Because of the 2GD fiasco and other drama recently, many people overlooked an important piece of gaming news: Intel and ESL have partnered together to create an initiative focused on promoting women and LGTBQ+ people in esports. In 2013, Forbes examined why the tech industry needed more women. They reasoned that women consume, on average, much more in the digital realm than men, and the disparity of gender in jobs in tech-related fields was staggering. Over the past few years, those statistics have improved as more and more women enter the field of Computer Science.
Much in the same way, esports must recognize an audience many didn’t remember existed: women. Since the inception of video games, most competitive and major games have been largely targeted to men, often going so far as to actively discourage women from playing. However, women have still played with us and against us for a long time, and a recent survey showed that more women than men owned gaming consoles.
In such a male dominated field as esports, it is often hard for women to rise to prominence. Just looking at our website’s staff page will show you that far less women are in esports than men. Almost all major esports pros are male, with the exception of a select few such as Starcraft 2 Zerg main Scarlett (who also happens to be transgender) and Hearthstone Pro Eloise. In our day and age of equality, these trends are almost shocking to activists.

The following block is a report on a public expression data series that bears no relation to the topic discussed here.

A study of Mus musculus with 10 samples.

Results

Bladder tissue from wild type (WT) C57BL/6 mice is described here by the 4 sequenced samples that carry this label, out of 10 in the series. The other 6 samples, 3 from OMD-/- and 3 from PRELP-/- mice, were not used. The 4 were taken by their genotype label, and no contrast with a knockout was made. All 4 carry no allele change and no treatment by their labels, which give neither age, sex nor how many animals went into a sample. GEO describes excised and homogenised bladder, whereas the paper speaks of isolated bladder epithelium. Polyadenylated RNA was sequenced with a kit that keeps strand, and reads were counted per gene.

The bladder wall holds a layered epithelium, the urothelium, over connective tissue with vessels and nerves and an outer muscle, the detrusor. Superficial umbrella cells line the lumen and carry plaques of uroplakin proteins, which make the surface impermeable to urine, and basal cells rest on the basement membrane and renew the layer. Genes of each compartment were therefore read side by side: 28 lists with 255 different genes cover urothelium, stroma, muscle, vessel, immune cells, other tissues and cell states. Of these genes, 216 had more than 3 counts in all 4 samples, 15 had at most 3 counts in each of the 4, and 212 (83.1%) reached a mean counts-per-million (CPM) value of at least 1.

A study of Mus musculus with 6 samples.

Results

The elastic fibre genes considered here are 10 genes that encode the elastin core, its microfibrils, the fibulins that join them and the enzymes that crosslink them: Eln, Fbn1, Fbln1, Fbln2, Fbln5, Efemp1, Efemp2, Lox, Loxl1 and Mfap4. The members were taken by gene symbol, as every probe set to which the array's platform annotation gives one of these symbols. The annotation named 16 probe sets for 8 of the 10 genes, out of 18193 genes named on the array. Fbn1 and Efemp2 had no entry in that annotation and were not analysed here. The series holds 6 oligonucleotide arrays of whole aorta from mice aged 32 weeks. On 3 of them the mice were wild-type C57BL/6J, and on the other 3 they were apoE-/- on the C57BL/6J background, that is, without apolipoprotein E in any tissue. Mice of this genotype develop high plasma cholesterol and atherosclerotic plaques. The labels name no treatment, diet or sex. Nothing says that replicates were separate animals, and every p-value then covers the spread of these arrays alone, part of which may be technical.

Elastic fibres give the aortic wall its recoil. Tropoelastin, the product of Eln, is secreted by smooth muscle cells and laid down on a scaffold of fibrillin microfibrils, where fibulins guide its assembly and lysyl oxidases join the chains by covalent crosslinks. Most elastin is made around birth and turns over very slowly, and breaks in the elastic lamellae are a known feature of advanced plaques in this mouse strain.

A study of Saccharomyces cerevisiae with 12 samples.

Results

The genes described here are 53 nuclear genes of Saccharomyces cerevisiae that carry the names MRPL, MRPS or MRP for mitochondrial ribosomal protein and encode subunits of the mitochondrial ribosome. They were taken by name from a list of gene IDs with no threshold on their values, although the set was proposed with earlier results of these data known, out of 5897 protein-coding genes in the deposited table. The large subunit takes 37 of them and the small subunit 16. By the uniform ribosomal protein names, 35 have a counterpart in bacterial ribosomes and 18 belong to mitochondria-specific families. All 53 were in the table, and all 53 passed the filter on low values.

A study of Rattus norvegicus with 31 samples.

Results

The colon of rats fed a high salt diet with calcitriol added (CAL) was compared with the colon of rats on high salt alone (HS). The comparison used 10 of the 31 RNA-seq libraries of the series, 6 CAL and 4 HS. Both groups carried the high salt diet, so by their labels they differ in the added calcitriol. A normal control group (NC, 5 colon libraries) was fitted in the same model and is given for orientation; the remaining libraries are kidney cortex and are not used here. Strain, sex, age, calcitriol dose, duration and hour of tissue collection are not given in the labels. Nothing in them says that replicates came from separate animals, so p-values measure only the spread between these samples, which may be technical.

However, the AnyKey initiative by Intel and ESL is looking to change all of that. Its mission is to unite gamers to create spaces for women and other underrepresented groups in esports. Often the main obstacle for these groups are insults from male gamers whenever they join a lobby/game. Women and other groups who overcome this particular barrier still face the issue every day, requiring a much thicker skin than that of the average male gamer. While this trend continues, many women who could potentially join esports are discouraged by discriminatory practices perpetuated by males who simply don’t want to lose to or be worse than women.
What they have to say
I asked our female staff about discrimination they’ve experienced in gaming, and this is what they said:
We’ve definitely beaten some of that, but not every game is fully accepting of female gamers. It’s a start, and that’s a good thing. AnyKey is integral to the future of esports, because for esports to be accepted by society, everyone should have an equal chance to prove their skill.